By nature, I am a planner.

Not in my writing, as I've mentioned before, but in my life. I set goals, I work toward them, and I achieve them. I am someone who can "get things done."

But over the last few years, I have changed my perspective on goals. It started when I was in graduate school and realized that what I had been working for since the fifth grade (a PhD in literature)* was not going to make me happy. So I bailed on that and went to law school, because it seemed interesting and lawyers made a decent living.**

Still, I was a planner. Goals, work, achievement, lather, rinse, repeat. I thought that the law school thing was an anomaly, not an indictment of the method.

Then, about four years ago, my personal plan for myself was disrupted in such a fundamental way that there was no going back. Everything I saw for my future, everything I had planned...gone. Immediately and irrevocably.

At that point, I realized that long term goals don't work for me. Between the time that I set them and the time that they actually might happen, too much has changed. Too many things are different. Too many variables that have to be controlled cannot be controlled.

So I stopped.

Yep, that's right. I stopped having long term goals. When my boss asked me what I wanted to be doing in five years as part of my performance review, I said "I can't answer that question because I don't know." Will I still be at the same job? I don't know. Will I still like it? No idea. Will I be a rich and famous YA novelist? OF COURSE. er...I mean...I don't know.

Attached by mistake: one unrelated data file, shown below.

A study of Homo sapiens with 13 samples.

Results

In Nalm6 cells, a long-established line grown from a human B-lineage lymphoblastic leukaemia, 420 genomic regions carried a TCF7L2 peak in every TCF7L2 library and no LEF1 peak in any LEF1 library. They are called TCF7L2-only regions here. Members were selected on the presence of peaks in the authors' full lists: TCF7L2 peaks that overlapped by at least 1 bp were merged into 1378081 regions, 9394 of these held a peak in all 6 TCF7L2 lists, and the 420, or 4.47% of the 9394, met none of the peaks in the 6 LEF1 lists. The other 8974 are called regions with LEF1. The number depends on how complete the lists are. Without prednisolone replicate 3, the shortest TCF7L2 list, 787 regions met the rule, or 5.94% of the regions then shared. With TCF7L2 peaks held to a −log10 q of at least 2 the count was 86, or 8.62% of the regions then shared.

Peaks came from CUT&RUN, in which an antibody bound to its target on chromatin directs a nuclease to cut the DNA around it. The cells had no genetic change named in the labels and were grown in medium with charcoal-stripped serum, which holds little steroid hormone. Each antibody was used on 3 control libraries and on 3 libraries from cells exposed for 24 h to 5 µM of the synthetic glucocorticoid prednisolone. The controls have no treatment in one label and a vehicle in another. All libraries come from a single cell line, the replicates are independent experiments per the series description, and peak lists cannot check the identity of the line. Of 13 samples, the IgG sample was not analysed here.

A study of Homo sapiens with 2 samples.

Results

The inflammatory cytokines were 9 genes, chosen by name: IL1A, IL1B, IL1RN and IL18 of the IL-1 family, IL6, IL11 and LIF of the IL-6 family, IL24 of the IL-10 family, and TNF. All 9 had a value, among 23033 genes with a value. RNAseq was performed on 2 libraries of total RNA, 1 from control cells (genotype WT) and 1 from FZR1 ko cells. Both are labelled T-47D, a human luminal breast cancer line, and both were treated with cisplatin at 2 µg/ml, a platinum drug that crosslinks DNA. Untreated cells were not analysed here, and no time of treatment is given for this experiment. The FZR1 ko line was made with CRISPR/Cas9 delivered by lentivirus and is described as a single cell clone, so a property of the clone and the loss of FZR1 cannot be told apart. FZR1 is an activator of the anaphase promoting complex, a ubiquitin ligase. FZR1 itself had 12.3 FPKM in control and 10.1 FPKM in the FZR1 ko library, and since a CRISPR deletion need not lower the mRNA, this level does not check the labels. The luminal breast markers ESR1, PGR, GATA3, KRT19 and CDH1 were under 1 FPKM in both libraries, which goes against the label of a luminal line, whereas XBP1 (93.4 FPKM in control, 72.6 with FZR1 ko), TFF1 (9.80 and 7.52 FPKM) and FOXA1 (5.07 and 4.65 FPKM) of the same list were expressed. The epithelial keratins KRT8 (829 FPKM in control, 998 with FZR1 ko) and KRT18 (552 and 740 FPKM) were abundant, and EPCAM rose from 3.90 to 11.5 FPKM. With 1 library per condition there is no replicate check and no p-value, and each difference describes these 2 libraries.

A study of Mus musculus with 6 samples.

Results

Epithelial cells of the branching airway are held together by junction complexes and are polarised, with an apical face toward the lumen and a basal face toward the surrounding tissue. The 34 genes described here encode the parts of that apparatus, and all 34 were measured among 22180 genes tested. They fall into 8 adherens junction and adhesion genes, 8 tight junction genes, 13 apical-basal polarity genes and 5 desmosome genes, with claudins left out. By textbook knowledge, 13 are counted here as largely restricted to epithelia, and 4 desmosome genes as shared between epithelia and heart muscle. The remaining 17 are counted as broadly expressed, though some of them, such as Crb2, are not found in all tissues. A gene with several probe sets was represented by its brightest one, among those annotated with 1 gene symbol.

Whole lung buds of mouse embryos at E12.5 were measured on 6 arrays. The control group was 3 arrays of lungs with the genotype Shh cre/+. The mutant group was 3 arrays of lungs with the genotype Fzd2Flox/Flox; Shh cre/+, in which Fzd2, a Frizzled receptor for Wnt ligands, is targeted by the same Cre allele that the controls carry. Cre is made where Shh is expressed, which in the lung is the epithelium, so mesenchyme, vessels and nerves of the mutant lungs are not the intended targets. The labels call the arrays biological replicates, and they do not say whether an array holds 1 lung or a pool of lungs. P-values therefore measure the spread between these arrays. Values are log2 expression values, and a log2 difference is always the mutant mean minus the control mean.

The strange thing is, having made that decision, I am happier than I have ever been. Don't get me wrong--I don't just wake up in the morning and think "what does Jay want to do today?" I have responsibilities, and I have short term goals all over the place--weekly, monthly, even yearly--I'm not a nomad. Right now, for example, one of my goals is to finish the revision of The Book, and I've been working on that like a fiend. But the freedom that has resulted from NOT setting long term goals or having long term deadlines is liberating. It means that I can listen to myself more, that I can relax more, that I can be open to what emerges.***

And the funny thing is, once I started operating this way, I realized that this is how I write. I don't start with a detailed outline of everything that's going to happen, or knowing everything about my characters. Doing that has killed a couple of stories for me, in fact, because once I know everything that's going to happen, I lose interest. When I start a story (or even work on a revision), I have a general idea of what I want to happen and a basic understanding of the players and then I jump in and see what happens.

And I'm surprised that it took me so long to realize that what works for me in my creative life is what works for me in my "regular" life. I'm sure that's not true of everyone; some people might need long term goals to keep them focused, but lack of focus has never been my problem. And by not having goals, I've done more of what I want in a shorter amount of time than ever before. How awesome is that, seriously?


* Yes, I decided I wanted a PhD in English in the fifth grade. See what I mean by "planner"?

** I was right on both counts.

*** This post by Leo Baubata was what triggered me to write about this. He's more zen than I am--literally--but I think our basic ideas are the same.